WASHINGTON, D.C. – U.S. Senators Marsha Blackburn (R-Tenn.) and Robert Menendez (D-N.J.) introduced the Securing America’s Medicine Cabinet Act of 2021 (SAM-C) to reduce America’s dependence on China for pharmaceutical manufacturing. The legislation will develop and increase our pharmaceutical workforce and manufacturing by partnering with universities across the country.
“The coronavirus pandemic underscored how dangerous it is to depend on Beijing’s good graces,” said Senator Blackburn. “We cannot continue to rely on China to provide lifesaving medications. My legislation with Senator Menendez will counter Beijing’s growing dominance and help secure America’s medicine cabinet.”
“The ongoing COVID-19 pandemic has demonstrated the importance of investing and supporting biomedical research and innovation as a means for preparing and responding to any national health crisis,” said Senator Menendez. “This bipartisan bill would encourage drug manufacturers to foster partnerships with the brightest minds in higher education to promote medical manufacturing innovation. As we develop new drugs and treatments, it is imperative we also ensure next-generation production of life-saving vaccines and drugs occurs here. We must ensure that more states like New Jersey, a leader in the life sciences industry and higher learning, have the tools they need to enhance existing synergies for medical research, innovation, and manufacturing.”
“Life Science TN appreciates the steps that Senators Blackburn and Menendez are taking to support and secure the U.S. pharmaceutical supply chain through the Securing America’s Medicine Act. We believe that the development of Centers of Excellence and meaningful partnerships between academic centers and pharmaceutical manufacturers can spark more pharmaceutical manufacturing in our country, as well as offer opportunities for more high-tech, high-wage jobs in Tennessee and the U.S.,” Paul Fitzpatrick, Board Chairman of Life Science Tennessee.
“It will significantly contribute to improving the quality and safety of medicines, increasing the capacity of domestic pharmaceutical manufacturing and readiness for the next pandemic," said Fernando J. Muzzio, Chair of the NIPTE Faculty Committee and Distinguished Professor in Chemical and Biochemical Engineering at Rutgers University.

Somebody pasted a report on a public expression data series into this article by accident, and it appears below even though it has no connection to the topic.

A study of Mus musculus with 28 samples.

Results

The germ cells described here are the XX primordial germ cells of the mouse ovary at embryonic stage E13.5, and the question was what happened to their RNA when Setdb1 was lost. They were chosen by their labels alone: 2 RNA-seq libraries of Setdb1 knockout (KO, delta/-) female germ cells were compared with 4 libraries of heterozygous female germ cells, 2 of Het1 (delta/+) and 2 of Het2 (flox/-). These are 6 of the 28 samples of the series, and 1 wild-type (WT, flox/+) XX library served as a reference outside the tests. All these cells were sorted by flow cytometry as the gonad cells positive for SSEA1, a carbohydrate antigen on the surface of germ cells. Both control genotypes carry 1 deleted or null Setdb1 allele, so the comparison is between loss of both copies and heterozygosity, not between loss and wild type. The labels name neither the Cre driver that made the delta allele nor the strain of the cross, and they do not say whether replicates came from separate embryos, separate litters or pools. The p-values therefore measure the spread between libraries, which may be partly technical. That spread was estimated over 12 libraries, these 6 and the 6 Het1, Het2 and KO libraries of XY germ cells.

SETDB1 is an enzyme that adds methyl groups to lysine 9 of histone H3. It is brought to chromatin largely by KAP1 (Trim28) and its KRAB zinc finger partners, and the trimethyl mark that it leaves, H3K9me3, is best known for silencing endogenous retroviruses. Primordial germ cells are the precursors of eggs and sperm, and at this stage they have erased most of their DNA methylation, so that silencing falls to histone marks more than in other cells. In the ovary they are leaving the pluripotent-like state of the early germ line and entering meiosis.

"Advanced manufacturing is especially critical for the generic sector that accounts for most medicines marketed in the U.S.," said Vadim J. Gurvich, NIPTE's Executive Director and Research Associate Professor of Medicinal Chemistry at the University of Minnesota. “With its 18 member universities, NIPTE represents the majority of the nation’s academic scientific and educational expertise in the field and is ready to work with industry and the FDA on a system-wide implementation on these technologies.”
"VCU is very grateful for the leadership of Senator Blackburn and Senator Menendez in introducing the Securing America's Medicine Cabinet Act of 2021," said Michael Rao, President of VCU and VCU Health System. "By creating Centers of Excellence in Pharmaceutical Manufacturing, this legislation will support innovative efforts like VCU's Medicines for All and grow the workforce needed to secure our country's critical pharmaceutical supply chain and help to prevent shortages of medicines people need to live."
Rutgers University-New Brunswick Chancellor-Provost Francine Conway said, “Rutgers-New Brunswick thanks Senator Menendez for bringing the Senate to act on this visionary legislation, which will allow us to continue our advancement of groundbreaking research to the field of pharmaceutical manufacturing, for the betterment of New Jersey’s and the nation’s quality of life.”
• China dominates global production of medical devices and pharmaceuticals.
• Relying on China for life-saving medications leaves the U.S. vulnerable to potential weaponization of supply chains from Beijing.
• The SAM-C Act encourages the FDA to partner with up to five universities across the country to create Centers of Excellence in Pharmaceutical Manufacturing.
• The Centers of Excellence in Pharmaceutical Manufacturing will develop the chemical methods and train the necessary workforce to bring this industry back to the U.S. and thereby help secure this vital supply chain.